Yankees see Matt Harvey, the one reason they should envy the Mets

In a marquee matchup of young aces, Matt Harvey bested Washington's Stephen Strasburg in April. (Getty Images)
In a marquee matchup of young aces, Matt Harvey bested Washington's Stephen Strasburg in April. (Getty Images)

The Yankees had the 32nd pick in the 2010 draft, giving them a perfectly legitimate excuse for missing out on Matt Harvey, who was picked seventh.

But is that enough of an explanation for having so much trouble finding a Harvey of their own?

They've tried. They've promised. They haven't delivered.

This week's Subway Series provides another reminder of how the two New York teams have been existing in the same city but on different planets. But Harvey's start for the Mets on Tuesday night was a reminder of how the Mets may be getting one thing right that the Yankees keep getting wrong.

Are they ever going to develop a top-of-the-rotation starting pitcher?

The Mets certainly seem to have one in Harvey, whose ERA dropped to 1.85 when he allowed one run in eight impressive innings in a 2-1 victory against the Yankees. He has flirted with no-hitters, nearly threw a perfect game and already has two double-digit strikeout games. Tuesday, he was matched up against Hiroki Kuroda, who has been the Yankees' top starter, and he kept the game close enough to set up a ninth-inning comeback win over Mariano Rivera.

The Yankees signed Kuroda as a free agent, of course. They signed CC Sabathia as a free agent, too.

They have the money to do that, but they've also had the need, because they haven't been able to come up with a homegrown ace of their own.

They've tried. They pushed Phil Hughes and Ian Kennedy into the rotation to begin the 2008 season, when Hughes was only 21 and Kennedy was 23. But they gave up on Kennedy before trading him to the Diamondbacks, and they have watched Hughes alternate between very good (as he was Monday against the Mets) and very bad (as when he didn't make it out of the first inning a couple of weeks back against the Mariners).

They promised. Remember the spring when Manny Banuelos was the talk of Florida, and when the Yankees had almost as high hopes for Dellin Betances? Banuelos struggled with command and then needed Tommy John surgery, and the Yankees are now trying Betances in the bullpen.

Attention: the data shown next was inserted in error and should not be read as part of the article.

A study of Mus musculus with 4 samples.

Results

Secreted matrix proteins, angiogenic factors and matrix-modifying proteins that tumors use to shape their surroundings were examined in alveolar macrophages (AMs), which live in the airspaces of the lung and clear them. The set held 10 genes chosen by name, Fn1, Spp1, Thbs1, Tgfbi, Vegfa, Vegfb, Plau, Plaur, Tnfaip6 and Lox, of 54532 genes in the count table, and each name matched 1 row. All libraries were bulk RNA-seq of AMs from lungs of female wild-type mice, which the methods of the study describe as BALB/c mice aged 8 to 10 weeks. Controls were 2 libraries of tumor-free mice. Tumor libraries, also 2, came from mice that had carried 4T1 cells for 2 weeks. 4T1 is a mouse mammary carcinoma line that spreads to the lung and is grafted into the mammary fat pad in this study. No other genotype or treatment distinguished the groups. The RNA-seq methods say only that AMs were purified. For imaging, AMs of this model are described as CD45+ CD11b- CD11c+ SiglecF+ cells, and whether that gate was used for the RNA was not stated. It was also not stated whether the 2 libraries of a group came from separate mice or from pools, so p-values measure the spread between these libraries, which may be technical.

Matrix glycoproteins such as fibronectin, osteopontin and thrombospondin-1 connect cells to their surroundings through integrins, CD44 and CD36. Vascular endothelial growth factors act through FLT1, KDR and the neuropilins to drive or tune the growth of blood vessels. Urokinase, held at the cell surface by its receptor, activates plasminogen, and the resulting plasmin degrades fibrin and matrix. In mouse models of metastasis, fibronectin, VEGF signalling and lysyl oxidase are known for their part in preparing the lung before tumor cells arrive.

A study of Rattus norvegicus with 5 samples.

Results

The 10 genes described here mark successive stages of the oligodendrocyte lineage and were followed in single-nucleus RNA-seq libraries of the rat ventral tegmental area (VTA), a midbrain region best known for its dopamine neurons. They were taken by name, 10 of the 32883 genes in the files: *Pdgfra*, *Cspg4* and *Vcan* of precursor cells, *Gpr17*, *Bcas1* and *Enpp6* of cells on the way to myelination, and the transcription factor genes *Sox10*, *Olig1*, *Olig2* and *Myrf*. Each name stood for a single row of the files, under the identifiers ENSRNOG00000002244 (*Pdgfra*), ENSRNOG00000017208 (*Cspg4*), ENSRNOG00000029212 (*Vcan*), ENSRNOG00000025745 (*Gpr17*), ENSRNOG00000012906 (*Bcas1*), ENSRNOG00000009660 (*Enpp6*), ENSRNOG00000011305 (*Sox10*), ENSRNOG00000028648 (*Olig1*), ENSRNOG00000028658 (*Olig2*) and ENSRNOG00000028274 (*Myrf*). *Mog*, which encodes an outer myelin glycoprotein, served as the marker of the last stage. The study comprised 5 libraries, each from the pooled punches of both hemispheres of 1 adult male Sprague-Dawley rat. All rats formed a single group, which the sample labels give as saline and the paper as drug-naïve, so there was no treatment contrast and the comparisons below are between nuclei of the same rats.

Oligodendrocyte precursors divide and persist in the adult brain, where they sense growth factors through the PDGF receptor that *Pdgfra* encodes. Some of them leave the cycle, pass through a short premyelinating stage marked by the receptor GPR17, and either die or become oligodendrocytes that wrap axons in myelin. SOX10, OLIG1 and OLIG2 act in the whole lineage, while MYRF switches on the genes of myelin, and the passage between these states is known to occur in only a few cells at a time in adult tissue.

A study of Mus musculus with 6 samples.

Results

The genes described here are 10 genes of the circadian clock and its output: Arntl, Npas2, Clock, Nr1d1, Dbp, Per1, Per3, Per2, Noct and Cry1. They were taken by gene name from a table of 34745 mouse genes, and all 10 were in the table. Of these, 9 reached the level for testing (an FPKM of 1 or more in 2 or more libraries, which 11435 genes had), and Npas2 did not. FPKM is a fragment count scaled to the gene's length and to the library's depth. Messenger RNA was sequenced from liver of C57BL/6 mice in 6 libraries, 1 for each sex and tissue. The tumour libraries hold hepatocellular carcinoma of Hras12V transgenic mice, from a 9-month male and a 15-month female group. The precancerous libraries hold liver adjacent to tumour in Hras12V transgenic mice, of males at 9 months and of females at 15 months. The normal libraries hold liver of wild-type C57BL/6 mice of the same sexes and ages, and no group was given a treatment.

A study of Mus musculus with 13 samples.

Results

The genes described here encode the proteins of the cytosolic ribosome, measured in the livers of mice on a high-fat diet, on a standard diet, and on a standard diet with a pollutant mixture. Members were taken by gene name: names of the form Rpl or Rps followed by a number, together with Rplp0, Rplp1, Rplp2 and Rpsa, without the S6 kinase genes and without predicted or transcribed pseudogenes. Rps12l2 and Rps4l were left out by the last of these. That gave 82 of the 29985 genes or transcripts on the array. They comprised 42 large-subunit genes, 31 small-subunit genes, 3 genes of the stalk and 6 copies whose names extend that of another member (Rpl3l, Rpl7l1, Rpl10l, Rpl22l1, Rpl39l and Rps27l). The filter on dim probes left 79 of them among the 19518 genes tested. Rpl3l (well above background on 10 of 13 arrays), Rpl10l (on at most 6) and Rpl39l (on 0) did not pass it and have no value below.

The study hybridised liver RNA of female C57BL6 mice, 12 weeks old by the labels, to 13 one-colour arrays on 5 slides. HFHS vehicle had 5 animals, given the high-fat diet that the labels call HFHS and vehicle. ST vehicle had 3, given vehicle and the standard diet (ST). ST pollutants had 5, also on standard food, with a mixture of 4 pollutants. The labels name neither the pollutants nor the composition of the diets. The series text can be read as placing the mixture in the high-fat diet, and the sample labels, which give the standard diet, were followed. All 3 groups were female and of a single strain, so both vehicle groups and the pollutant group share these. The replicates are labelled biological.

Oh, and don't forget Joba Chamberlain. The Yankees saw him as a possible top-of-the-rotation starter, too, until they decided that he wasn't a starter at all.

Now some rival scouts are touting Jose Ramirez, a 23-year-old right-hander currently pitching at Double-A Trenton. Perhaps he could be the one, but recent Yankees history offers little hope.

In fact, in the 27 years since Ron Guidry started on opening day in 1986, the Yankees have used a homegrown starting pitcher on opening day only twice (Andy Pettitte in 1998 and Chien-Ming Wang in 2008). In the entire championship run that began with the 1996 World Series, Pettitte is the lone homegrown starting pitcher who got to the big leagues with the Yankees and stuck for any length of time.

They've kept winning, mostly because they have been able to buy enough front-line pitching. The winning has made it harder to draft pitchers like Harvey (the Yankees haven't had one of the top 12 picks in the draft since they took Derek Jeter sixth overall in 1992).

"It doesn't mean you can't run into someone later, but it's harder to do," Yankees general manager Brian Cashman said. "I'm not frustrated by it, as long as we're able to win 95-100 games every year."

But as more teams are able to sign their own top starters (Felix Hernandez and Justin Verlander are two notable examples), and as Yankees ownership demands that the payroll not grow too much (and even decline somewhat), finding high-end, low-cost starting pitching becomes more important.

Cashman understands that, and it was one reason he made last year's Jesus Montero-Michael Pineda trade with the Mariners. Pineda had a bad shoulder and has yet to throw his first pitch for the Yankees, but he's now throwing again and could join the Yankees later this season.

Meanwhile, the Mets have Harvey, who grew up in Connecticut as a Yankees fan but never had a chance at being drafted by the Yanks. The Mets also have Zack Wheeler, who was acquired in the Carlos Beltran trade but could still turn into a home-developed top-of-the-rotation starter.

Over the past two decades, the Mets have had many reasons to envy the Yankees, and the Yankees have had few to envy the Mets.

Tuesday, as they watch Harvey, perhaps they will.